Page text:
Phil Gramm's Parting Shot
     by Molly Ivins

                     DALLAS -- The world will little note nor long
remember what was said at the Republican state convention last weekend.
Nevertheless, the shindig had its moments. (I first saw the Lincoln
quote applied to some political event in the Boston Globe a while back,
but I can no longer remember who wrote it.)

                      A supremely nostalgic moment occurred during the
convention's recognition of Sen. Phil Gramm for Lifetime Achievement.
Gramm responded graciously, as befits a retiring pol making his final
appearance, thanking all and sundry, giving us his fondest memories of
public service: "I had the honor to be a storm trooper in the Reagan
Revolution," he declared. But then, he couldn't help himself. The old
pit bull dropped the statesman pose and went for the Democrats' jugular.
He started in politics as an attack dog and finished that way, too -- in
its way, a glorious moment.

                      Unfortunately, the attack was a trifle off. Gramm
appeared to be in a state of high indignation because two Democratic
contenders for the gubernatorial nomination had held a debate in
Spanish. "Anybody who witnessed the first debate for high public office
in American history that was not conducted in the English language knows
what is 'dream' about this ticket," declared Gramm. He went on to assert
that because the D's have both an African-American and a Hispanic high
on their ticket, they are trying to "divide Texans based on race."

                      But the swing left him wide open to the obvious counter-punch
-- that by finally including African-Americans and Hispanics, the Democrats
are in fact ending the old divisions based on race.

                      The R's loved it, of course. The R's in convention
are a scenic and festive sight, thousands of white people wearing every
conceivable garment in red, white and blue, plus elephant hats. One must
take Gramm's word for it that R's are opposed to dividing Texans by
race, since blacks and Hispanics are nigh-invisible among them. Although
officially opposed to affirmative action, the R's do thrill to the
presence of an actual minority person. In one Senate district with 204
votes and exactly three black people in the room, wondrous to say, one
was elected to the state Executive Committee. When cynical blacks accuse
black Republicans of joining because "the line is shorter over there,"
they mean a lot shorter.

                      The ever-hilarious Republican platform -- still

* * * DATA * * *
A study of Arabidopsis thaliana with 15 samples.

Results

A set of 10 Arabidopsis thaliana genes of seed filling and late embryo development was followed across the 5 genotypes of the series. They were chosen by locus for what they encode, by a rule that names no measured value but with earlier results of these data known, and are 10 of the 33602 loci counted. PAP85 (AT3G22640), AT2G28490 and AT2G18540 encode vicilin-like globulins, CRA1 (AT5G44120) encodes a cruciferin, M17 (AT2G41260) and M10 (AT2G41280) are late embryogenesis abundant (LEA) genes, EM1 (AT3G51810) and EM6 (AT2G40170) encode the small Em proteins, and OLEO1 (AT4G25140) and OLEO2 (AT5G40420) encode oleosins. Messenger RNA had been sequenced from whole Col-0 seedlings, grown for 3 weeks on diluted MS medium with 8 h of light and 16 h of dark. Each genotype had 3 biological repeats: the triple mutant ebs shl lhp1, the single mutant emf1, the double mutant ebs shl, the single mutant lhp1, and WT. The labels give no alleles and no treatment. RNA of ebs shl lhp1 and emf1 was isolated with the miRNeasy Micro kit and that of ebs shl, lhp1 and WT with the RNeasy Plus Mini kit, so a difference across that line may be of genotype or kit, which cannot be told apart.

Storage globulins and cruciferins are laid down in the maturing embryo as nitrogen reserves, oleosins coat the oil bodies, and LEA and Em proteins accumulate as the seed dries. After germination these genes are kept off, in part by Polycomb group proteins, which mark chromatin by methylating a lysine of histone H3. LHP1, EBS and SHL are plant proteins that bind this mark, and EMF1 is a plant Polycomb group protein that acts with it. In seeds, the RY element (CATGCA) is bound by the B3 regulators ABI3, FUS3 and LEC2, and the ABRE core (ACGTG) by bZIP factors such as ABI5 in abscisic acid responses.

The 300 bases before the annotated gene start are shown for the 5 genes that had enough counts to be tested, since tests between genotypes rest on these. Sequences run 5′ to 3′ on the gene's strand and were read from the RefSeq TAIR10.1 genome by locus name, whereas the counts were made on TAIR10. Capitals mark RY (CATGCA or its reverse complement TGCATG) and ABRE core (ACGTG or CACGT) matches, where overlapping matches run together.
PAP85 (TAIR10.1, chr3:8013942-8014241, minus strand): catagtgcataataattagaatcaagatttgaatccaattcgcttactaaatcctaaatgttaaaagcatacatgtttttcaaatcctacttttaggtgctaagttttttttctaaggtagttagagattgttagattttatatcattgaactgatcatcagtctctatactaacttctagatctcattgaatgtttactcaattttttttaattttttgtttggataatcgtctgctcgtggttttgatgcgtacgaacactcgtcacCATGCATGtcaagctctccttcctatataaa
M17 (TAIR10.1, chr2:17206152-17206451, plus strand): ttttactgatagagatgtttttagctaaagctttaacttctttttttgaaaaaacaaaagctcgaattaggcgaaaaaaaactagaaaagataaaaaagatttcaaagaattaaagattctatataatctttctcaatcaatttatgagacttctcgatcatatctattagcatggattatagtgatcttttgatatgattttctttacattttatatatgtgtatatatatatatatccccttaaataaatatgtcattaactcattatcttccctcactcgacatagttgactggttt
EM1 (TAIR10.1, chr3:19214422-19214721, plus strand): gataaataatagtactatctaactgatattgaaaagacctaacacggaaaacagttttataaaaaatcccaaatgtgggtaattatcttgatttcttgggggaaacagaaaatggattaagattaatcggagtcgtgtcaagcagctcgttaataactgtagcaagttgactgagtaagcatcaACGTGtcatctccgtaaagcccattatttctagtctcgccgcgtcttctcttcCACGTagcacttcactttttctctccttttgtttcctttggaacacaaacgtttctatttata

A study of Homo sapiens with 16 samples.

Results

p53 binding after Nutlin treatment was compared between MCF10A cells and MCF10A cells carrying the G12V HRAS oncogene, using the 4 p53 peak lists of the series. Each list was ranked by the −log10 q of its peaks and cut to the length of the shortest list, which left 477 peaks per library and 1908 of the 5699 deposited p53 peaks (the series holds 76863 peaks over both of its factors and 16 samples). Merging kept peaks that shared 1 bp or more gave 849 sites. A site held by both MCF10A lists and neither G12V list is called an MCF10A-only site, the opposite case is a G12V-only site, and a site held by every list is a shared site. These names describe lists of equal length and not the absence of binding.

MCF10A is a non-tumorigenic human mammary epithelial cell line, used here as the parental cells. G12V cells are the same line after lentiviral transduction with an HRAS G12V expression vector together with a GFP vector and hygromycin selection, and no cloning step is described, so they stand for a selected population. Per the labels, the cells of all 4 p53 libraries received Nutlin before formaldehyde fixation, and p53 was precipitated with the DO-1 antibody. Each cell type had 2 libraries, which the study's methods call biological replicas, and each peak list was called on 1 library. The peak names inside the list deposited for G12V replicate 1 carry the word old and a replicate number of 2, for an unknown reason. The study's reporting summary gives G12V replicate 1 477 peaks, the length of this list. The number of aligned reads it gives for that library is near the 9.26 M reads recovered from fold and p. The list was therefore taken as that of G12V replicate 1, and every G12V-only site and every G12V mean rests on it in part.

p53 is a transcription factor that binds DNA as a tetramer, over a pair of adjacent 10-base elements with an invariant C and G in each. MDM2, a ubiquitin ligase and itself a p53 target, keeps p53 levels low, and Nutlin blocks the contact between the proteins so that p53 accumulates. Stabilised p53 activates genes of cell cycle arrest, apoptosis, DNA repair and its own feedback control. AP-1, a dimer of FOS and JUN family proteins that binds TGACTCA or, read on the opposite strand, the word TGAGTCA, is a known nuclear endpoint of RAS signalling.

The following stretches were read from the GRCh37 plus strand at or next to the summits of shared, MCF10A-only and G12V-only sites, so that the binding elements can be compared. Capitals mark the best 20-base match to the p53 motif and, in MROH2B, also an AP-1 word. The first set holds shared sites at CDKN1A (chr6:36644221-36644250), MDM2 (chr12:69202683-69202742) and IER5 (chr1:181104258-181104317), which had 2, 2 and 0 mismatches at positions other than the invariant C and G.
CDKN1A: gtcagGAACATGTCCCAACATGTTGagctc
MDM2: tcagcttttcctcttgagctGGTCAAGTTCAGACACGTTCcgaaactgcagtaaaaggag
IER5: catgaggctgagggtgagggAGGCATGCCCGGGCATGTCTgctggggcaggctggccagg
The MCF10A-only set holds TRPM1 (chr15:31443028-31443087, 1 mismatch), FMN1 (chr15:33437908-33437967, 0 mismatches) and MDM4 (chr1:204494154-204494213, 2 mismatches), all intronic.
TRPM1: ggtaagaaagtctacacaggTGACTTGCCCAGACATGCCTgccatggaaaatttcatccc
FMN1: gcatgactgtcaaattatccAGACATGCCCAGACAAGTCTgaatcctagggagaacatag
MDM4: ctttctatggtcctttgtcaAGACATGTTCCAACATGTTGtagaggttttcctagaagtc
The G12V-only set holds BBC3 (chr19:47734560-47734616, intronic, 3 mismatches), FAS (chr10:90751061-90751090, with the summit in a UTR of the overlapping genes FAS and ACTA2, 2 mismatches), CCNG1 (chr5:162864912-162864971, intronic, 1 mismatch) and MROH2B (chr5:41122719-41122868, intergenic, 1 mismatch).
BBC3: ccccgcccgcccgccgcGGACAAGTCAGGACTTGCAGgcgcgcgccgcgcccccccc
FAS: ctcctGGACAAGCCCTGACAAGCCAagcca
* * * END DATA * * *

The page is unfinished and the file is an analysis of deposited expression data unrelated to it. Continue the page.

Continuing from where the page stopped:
endorsing such golden oldies as withdrawing from the United Nations and
abolishing no-fault divorce, bilingual education and the Department of
Education -- was the subject of the only serious fight at the

                      Texas Republicans are still split between the
Christian-right and the "country club Republicans," meaning those who
are economic conservatives but more socially liberal than the Christian
right -- many even drink. The Christian right theoretically took over
the party in 1994, but many of its members feel both betrayed and
powerless. Their big win was undermined by Karl Rove, President Bush's
political shot-caller. He simply re-routed the big money contributions
around the state party and straight to Bush until he had regained

                      The incumbent party chair Susan Weddington is
theoretically of the Christian right, but many of them consider her a "a
sell-out." (In one of the more surreal moments at the convention, a
black minister brought in to give the invocation accidentally wound up
thanking the Lord for Sarah Weddington, not Susan. Sarah is the lawyer
who successfully argued Roe vs. Wade before the Supreme Court.) But the
Christian right is still a peppy bunch, raising hell -- if Christians
can be said to do that -- about all kinds of things.

      Their big effort this year was the "RINO rule," an
effort to extirpate candidates who are Republican In Name Only. They
want the party to refuse to fund any Republican candidate who does not
swear allegiance to the entire platform. I always wind up rooting for
the Christian right because they're the populist insurgents of the
party, as opposed to the old Establishment poopers -- but I admit no one
since Josef Stalin has actually thought a party purge was a good idea.
But Texas Republicans tend to be the hard-shell Baptists of political
theology,the ideological equivalent of "dancing will send you straight
to hell"; whereas Texas Democrats are more like the Unitarians, a pretty
much "whatever" approach.

              The fight was really over an extreme litmus-test
on abortion -- the platform outlaws abortion even in cases of rape,
incest and to save the life of the mother.

                      Lt. Gov. Bill Ratliff told Wayne Slater of the
Dallas Morning News, "For those of us who would not sign such a
document, because such documents are always too simplistic, it's just a
good thing we don't have the rack or burning at the stake anymore
because they might be gathering firewood." Ratliff is, of course,

                      The Christians lost in what sounded like a fast
gavel on a voice vote, but they promise to persevere.